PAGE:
Release notes: the Long Knife
If you meet someone carrying a long knife, you take notice. Drastic and possibly unprovoked violence enters your mind. The native North Americans noticed that the white settlers of Virginia carried knives conspicuously longer than the ones they had, and bestowed on them the nickname ‘long knives’. The expression LONG KNIFE entered the OED in the first Supplement of 1933, which was noted for its coverage of American terms, especially historical ones. As a 1784 writer succinctly put it:
The savages now learned the superiority of the Long Knife, as they call the Virginians, by experience.
Subsequently the term was used specifically for a (white) soldier, or for a US citizen as opposed to a Canadian.
By the time that the second Supplement to the OED (1972–1986) was being compiled, Hitler’s ‘Night of the Long Knives’ was a not very distant memory, and this called for an extended sense, relating to treacherous violence. But the German debacle was not the first to which long knives was applied. Back in the fifth century, Hengist and his Saxon forces, who had invaded Britain, invited the British King Vortigern and his entourage to a peace conference, and at a given signal the Saxons drew their swords and massacred the Britons: at least, according to Geoffrey of Monmouth’s semi-legendary History of the Britons. This slaughter became known as the treachery, plot, or treason of the long knives: first recorded in English in about 1604, but in Welsh (twyll y cyllyll hirion), in or before 1587. The long knives referred to were probably the short swords or saxes (Old English seax) which were drawn at the command (as Geoffrey gives it) ‘Nemet oure saxas’. Although this was all a very long time ago, and may not even have happened as described, it clearly endured in memory: in Wales in 1847 a Government Report on the State of Education in Wales was referred to as the ‘treason of the Blue Books’. It is still employed as a historical term.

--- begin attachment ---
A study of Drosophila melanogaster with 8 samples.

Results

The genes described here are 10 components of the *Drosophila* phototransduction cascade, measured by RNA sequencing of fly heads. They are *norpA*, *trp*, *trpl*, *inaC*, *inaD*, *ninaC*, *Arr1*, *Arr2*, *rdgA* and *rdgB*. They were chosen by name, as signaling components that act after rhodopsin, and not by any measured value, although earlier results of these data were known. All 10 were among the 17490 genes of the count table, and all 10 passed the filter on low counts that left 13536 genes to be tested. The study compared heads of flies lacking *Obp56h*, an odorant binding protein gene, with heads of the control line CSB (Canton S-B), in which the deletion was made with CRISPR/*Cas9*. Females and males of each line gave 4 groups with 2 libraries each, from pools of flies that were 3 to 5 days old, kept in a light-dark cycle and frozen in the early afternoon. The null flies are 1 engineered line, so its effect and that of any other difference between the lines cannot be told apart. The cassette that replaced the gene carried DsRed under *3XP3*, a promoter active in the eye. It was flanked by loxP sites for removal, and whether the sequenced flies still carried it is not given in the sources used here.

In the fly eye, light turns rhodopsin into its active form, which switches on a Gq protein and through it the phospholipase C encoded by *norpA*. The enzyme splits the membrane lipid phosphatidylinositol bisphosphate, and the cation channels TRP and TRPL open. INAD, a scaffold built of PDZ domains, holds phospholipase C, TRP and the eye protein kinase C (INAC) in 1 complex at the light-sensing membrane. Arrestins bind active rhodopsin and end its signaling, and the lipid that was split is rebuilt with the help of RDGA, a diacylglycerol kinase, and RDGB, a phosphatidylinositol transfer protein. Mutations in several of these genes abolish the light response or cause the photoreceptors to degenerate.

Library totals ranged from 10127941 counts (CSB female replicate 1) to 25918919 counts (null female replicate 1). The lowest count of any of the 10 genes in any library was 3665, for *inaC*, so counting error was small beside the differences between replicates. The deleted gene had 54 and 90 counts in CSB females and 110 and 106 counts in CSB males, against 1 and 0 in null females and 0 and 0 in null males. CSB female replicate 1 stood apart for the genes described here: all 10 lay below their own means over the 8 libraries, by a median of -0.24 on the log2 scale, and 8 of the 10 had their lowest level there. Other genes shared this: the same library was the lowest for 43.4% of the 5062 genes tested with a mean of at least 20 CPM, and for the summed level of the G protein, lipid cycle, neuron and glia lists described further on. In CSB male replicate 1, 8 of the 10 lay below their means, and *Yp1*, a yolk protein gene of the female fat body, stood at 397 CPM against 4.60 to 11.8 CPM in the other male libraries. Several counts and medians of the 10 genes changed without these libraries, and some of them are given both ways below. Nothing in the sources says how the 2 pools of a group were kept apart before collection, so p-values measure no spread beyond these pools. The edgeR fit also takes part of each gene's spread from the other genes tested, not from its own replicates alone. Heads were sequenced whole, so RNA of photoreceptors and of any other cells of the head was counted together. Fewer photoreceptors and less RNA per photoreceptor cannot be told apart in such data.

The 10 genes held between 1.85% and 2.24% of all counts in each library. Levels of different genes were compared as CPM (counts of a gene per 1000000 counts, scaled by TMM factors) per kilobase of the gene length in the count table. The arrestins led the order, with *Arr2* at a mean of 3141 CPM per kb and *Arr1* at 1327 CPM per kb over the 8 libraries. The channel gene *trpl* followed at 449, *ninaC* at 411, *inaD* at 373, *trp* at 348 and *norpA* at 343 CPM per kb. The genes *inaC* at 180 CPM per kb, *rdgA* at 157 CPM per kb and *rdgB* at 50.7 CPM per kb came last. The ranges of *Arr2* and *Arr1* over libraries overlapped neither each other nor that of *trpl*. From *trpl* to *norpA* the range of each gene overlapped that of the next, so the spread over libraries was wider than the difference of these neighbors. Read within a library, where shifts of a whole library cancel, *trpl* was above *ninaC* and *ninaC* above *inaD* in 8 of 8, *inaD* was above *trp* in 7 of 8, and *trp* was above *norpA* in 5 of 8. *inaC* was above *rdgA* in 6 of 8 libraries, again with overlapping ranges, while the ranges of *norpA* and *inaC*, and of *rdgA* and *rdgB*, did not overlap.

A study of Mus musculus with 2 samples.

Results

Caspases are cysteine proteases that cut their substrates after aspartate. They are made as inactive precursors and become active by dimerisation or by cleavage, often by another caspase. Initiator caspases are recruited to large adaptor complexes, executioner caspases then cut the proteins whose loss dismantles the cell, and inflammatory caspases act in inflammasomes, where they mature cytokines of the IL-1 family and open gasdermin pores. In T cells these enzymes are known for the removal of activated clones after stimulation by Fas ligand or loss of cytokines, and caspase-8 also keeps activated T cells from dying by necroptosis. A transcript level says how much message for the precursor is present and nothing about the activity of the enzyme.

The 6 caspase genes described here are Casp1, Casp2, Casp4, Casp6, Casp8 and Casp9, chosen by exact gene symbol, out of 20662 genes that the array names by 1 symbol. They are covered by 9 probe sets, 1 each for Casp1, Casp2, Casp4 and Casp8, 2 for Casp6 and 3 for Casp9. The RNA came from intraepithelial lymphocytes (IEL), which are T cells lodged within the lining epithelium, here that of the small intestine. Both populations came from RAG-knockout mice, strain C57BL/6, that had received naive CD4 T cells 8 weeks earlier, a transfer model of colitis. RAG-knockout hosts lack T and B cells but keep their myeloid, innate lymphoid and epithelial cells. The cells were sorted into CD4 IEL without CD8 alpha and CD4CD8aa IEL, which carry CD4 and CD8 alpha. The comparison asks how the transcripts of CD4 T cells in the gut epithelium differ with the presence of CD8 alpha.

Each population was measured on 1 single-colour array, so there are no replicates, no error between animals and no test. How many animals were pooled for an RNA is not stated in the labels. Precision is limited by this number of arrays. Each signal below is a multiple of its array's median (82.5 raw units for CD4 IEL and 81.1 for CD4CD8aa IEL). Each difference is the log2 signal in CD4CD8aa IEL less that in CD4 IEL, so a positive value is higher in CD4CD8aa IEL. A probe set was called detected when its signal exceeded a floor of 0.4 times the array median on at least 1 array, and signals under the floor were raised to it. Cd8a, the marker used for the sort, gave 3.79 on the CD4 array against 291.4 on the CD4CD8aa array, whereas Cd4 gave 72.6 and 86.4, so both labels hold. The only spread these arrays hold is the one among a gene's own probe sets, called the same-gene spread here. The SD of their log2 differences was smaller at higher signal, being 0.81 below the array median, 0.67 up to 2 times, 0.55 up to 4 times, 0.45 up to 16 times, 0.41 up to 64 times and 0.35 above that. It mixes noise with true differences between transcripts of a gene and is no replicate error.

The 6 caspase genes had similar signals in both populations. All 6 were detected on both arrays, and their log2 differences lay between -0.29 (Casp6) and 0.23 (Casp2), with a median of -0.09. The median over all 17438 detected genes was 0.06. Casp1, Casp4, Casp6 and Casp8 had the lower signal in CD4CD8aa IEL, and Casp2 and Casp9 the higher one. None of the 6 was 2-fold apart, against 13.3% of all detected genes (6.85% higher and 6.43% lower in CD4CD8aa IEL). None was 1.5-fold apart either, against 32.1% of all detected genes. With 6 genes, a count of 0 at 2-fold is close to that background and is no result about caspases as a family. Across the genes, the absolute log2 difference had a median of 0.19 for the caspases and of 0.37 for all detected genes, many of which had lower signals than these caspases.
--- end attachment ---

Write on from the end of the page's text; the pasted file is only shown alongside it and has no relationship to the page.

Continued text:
Given this ancient, legendary, and insular occasion of long knives it’s all the more remarkable that a similar usage arose in recent German history. The event is always known as the Night of the Long Knives, but although it started early in the morning of 30 June 1934, it continued until 2 July. A large assortment of opponents, or fancied opponents, of the Nazis, including one or two mistaken identities, perished in the bloodbath. Ernst Röhm, the leader of the Sturmabteilung or Brownshirts, who were Hitler’s especial target, was murdered on 1 July. Hitler himself used the expression Nacht der langen Messer in a speech on 13 July, referring to these events, but remarkably it had already been used in 1931 by an anti-Nazi writer, C. von Ossietzky to mean ‘a treacherous massacre’; perhaps he knew of the British legend. The Nazis took up the expression well before the purge was planned, since the Times of 2 August 1932 stated:
Prominent Nazi leaders have played upon the imaginations of their followers..with such phrases as ‘the night of the long knives’ and ‘a vengeance for every Nazi killed’.
There was also an earlier Nazi song Wetzt die langen Messer auf dem Bürgersteig! ‘Sharpen the long knives on the pavement!’ (1928)—but with no mention of night.
As a result of this notorious event, the long knives has come to be an expression for any ruthless removal of unwanted associate or employees, for example in the magazine Money, April 1993:
This special 12-page section can help you avoid the long knives.
The outcome of all this is that the Native American nickname for a white man, with which we began, is now the second main sense of the OED entry. And there is a small twist to this story. It seems that the nickname is a translation of Mohawk a’share’koówa, lit. ‘big knife’, a name given to Francis Howard, colonial governor of Virginia (c1643–95); and it was not originally bestowed because of his long sword, but because his surname Howard was identified with the Dutch word houwer, meaning ‘cutlass’ (see the OED entry BIG KNIFE n.).